Back in 2009 there was quite a scandal in the Hungarian media world. The licenses of two powerful radio stations were up for renewal. Both were owned by foreign companies. Sláger was owned by Emmis Communications Corp., Danubius by Accession Mezzanine Capital, an investment fund based in Vienna. These two stations were powerful enough to cover the whole country and therefore much coveted.
At the time I wrote a detailed account of the events: “Fight over the Hungarian airwaves or more than that?”. In order to understand the current law suit against the Hungarian government by the Indianapolis-based Emmis International Holding B.V., a unit of Emmis Communications Corp., and the Bermuda-registered venture capital fund Accession Mezzanine Capital LP one should read the background post.
The most important information I managed to glean at the time was that Barbara Brill, senior vice-president of Emmis Communications’ international subsidiary, claimed that they “were approached by a political party and it seemed clear that a deal was being offered in return for the party’s support in the tender.” The Economist at the time was convinced that the party that approached Emmis was Fidesz, then in opposition, which “has stoked discontent with privatization, foreign investors and, to an extent, free-market capitalism in general.” The Economist concluded that “outsiders must hope that Fidesz can contain the genies it has so casually unbottled.”
Because of the law suit that was brought against the Hungarian government by the former owners of Sláger and Danubius, we now know a little more about this murky affair. The plaintiffs claim that the tenders for the frequencies were “seriously flawed”and actually “amounted to the expropriation of investments.” Those who received the two frequencies were “politically favored persons.”
The plaintiffs allege that representatives connected to Orbán’s Fidesz party and the leadership of MSZP urged the investors to “reach an accommodation” with the political parties “to have a chance” at renewing their licences. One of these mysterious visitors from Fidesz was none other than Tamás Fellegi, former minister of national development and currently minister without portfolio in charge of the still non-existent IMF/EU negotiations.
Once Danubius lost its bid because it refused to make a deal with Fellegi on behalf of Fidesz, a brand new Hungarian company received the frequency. The company was owned by–you guessed it–Tamás Fellegi and Zsolt Nyerges, his business partner of long standing about whom one can read a lot in the Hungarian media lately. Fellegi naturally denies any wrongdoing.
Emmis, which had operated Sláger Rádió for twelve years prior to the tender, said that it “received overtures” from MSZP’s chairman, Ildikó Lendvai, and László Puch, the party treasurer at the time. Or at least this is what the court documents claim. Puch denies ever meeting the investors or conducting talks with them. Lendvai describes her meeting with Emmis’s representative as a discussion of the investors’ concerns that local bidders may outbid the incumbents. As it turned out, the locals offered exorbitant and totally unrealistic licencing fees. However, Lendvai denies that she held “talks with Fidesz or any other political party regarding any sort of political deal.”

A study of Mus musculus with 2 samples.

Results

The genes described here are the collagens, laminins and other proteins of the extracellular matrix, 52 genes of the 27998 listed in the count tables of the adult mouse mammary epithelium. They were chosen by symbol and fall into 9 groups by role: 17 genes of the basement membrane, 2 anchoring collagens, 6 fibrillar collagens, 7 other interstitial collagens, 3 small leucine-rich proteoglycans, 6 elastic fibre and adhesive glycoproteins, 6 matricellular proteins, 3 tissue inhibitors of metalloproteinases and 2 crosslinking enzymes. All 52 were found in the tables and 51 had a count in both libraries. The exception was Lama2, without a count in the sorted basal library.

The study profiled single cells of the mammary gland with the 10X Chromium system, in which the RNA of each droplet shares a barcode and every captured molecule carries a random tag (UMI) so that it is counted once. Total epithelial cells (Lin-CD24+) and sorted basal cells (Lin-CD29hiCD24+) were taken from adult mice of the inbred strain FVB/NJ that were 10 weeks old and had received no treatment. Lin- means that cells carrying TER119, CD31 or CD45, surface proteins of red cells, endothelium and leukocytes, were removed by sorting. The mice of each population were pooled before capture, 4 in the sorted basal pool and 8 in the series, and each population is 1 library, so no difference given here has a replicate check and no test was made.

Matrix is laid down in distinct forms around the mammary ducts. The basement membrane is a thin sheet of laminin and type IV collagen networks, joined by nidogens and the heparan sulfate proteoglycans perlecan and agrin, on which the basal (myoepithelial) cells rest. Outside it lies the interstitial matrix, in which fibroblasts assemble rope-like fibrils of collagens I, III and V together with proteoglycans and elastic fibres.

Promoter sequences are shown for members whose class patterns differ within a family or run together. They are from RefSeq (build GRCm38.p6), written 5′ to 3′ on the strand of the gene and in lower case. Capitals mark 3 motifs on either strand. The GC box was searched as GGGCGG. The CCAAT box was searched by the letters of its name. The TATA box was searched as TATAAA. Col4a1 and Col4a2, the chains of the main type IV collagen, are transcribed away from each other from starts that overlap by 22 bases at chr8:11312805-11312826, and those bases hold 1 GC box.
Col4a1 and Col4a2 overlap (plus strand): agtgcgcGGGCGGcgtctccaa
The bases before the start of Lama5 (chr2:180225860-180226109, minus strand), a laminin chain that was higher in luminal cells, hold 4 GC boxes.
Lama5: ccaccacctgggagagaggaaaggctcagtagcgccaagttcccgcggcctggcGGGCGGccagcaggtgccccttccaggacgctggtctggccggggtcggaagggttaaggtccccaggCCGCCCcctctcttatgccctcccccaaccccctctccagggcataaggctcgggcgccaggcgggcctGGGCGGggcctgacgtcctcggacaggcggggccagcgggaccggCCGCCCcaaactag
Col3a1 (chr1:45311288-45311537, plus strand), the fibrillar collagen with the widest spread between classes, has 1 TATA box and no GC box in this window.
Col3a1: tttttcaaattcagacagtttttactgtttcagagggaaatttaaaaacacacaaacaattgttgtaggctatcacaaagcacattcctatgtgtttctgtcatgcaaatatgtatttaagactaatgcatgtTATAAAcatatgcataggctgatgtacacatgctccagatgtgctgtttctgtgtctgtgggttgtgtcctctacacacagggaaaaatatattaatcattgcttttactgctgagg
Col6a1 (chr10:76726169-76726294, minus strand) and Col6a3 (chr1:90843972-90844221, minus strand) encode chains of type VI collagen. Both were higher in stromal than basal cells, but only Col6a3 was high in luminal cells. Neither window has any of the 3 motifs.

Advenio, the company Fellegi and Nyerges set up, won the tender for Danubius’s frequency by offering to pay 200 million forints ($907,700) and 55 percent of projected net sales each year after July 2011. The other company, FM1, a consortium more closely allied with MSZP and the winner of the Sláger frequency, offered to pay 200 million and 50 percent of expected sales.
However, these two new companies had to pay the fees they pledged for only six months. After that, the fees were cut because of “challenges stemming from the economic crisis” and “unfair price calculation.” The new Media Authority refused to disclose the amounts currently being paid by Advenio and FM1.
Emmis and Accession turned to the International Center for Settlement of Investment Disputes based in Washington because they claim that “the media law precluded any meaningful remedy” in Hungary.
So, Tamás Fellegi and Zsolt Nyerges again.
Yesterday Viktor Orbán proudly displayed his senior paper on his website. And who do you think his senior advisor was? Tamás Fellegi! And what is the connection of Nyerges to the Orbán family? Nyerges is from Szolnok, as is Anikó Lévai, Viktor Orbán’s wife. Moreover, after the Orbáns got married they lived in Szolnok for two years. The connection between Nyerges and the Orbáns most likely goes back quite a number of years.
After HVG managed to uncover Pál Schmitt’s plagiarism the Hungarian media became somewhat emboldened and is making a more serious effort at investigative journalism than previously. I have managed to collect quite a folder on Nyerges et al. that I will share with you soon.